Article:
What You Need to Know About Chapter 13 Bankruptcy in Florida

Posted on : August 15, 2015, By:  D.C. Higginbotham

If you do not meet the criteria to file for a Chapter 7 bankruptcy, you still may be eligible to file a Chapter 13 bankruptcy. However, there are some key differences between the two that you must understand before you file. Here’s what you need to know about Chapter 13 bankruptcy in Florida.

1. You Can Keep Your Assets

In a Chapter 7 bankruptcy, non-exempt assets are liquidated and the funds are used to pay down your debts. In a Chapter 13 bankruptcy, however, none of your assets will be liquidated. This makes a Chapter 13 bankruptcy a great option for individuals who are still overwhelmed with debt, but want to keep their valuable assets and property.

2. Your Income Can Be Higher

For an individual or married couple to be approved for a Chapter 7 bankruptcy, their income must be at or below the median income for a household of their size in their area. In some cases, individuals and couples who do not automatically meet that criteria may still be eligible for a Chapter 7 bankruptcy if their debts are significantly high.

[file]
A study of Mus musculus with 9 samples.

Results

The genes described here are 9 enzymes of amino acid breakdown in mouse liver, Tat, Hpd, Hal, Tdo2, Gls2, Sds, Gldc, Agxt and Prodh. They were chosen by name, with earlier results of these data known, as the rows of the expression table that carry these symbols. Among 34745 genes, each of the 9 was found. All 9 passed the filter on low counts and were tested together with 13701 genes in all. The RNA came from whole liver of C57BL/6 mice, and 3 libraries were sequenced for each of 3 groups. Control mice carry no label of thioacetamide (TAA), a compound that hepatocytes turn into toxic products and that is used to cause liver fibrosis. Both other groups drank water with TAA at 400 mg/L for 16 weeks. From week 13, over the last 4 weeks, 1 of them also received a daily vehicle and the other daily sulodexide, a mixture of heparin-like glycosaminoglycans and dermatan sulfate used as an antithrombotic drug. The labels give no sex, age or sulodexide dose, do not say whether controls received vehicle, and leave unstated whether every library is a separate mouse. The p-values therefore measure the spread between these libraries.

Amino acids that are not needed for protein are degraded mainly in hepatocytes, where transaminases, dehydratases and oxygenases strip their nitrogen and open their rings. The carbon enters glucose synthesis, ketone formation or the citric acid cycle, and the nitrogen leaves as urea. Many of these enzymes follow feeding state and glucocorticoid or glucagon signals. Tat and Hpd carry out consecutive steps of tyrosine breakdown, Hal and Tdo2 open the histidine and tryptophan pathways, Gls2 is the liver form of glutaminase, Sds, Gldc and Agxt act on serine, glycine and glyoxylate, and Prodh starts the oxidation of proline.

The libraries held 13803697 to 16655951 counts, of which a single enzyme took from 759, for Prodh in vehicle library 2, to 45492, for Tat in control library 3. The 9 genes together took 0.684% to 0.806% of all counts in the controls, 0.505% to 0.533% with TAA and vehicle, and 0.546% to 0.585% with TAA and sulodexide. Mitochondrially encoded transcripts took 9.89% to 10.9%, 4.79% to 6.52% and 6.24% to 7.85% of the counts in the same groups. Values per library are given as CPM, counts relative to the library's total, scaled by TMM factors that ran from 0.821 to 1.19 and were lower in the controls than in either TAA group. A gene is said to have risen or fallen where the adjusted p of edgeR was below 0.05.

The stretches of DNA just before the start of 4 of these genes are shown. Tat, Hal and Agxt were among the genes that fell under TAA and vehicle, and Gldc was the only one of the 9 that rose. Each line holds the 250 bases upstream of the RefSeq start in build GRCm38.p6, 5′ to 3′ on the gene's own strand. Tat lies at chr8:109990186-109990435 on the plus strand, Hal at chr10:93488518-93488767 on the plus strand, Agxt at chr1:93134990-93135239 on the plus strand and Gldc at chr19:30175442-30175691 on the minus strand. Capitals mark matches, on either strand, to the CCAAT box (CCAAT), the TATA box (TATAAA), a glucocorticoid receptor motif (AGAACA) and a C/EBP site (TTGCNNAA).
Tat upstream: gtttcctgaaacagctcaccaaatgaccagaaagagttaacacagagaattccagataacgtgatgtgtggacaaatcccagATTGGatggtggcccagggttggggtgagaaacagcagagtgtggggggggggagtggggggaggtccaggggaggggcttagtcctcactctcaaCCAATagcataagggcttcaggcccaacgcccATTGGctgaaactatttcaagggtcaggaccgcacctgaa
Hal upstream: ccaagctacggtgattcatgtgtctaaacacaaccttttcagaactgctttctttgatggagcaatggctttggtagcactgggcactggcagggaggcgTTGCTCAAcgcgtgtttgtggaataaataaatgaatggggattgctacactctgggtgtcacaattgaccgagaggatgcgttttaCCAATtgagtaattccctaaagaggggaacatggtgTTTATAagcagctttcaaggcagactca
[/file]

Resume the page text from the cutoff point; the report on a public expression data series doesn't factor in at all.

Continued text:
However, your income can be higher when you file for a Chapter 13 bankruptcy. In fact, with this type of bankruptcy, you must show the court that you make enough money to satisfy your repayment obligations after essential expenses, like rent or mortgage.

3. It Won’t Stay On Your Credit As Long

Typically, a Chapter 7 bankruptcy will stay on your credit for ten years after the date your bankruptcy was finalized. However, a Chapter 13 bankruptcy may only stay on your credit for seven years. In some cases, credit bureaus will leave the bankruptcy on after seven years, but you can usually dispute this and have the bankruptcy removed.

4. You Must Be Up to Date On Your Income Taxes

You will not be able to file for a Chapter 13 bankruptcy in Florida if you are behind on filing for or paying your income taxes. The court will require you to provide proof that you filed your income taxes successfully for the four years prior to filing for bankruptcy. If your taxes aren’t current, you may be able to be granted some extra time to get caught up before filing. Otherwise, your bankruptcy case will be dismissed.

Contact an Experienced Florida Chapter 13 Bankruptcy Lawyer

If you are overwhelmed with debt and don’t meet the criteria to file for a Chapter 7 bankruptcy, you still may be able to file for a Chapter 13. For many families, a Chapter 13 bankruptcy is the more beneficial of the two. By contacting a seasoned Florida Chapter 13 bankruptcy lawyer, you can learn more about your options and take the necessary steps to move forward with filing.

At the Law Firm of D.C. Higginbotham, we can help you get your finances under control. Contact us today at (904) 354-6604 for a consultation to discuss your case.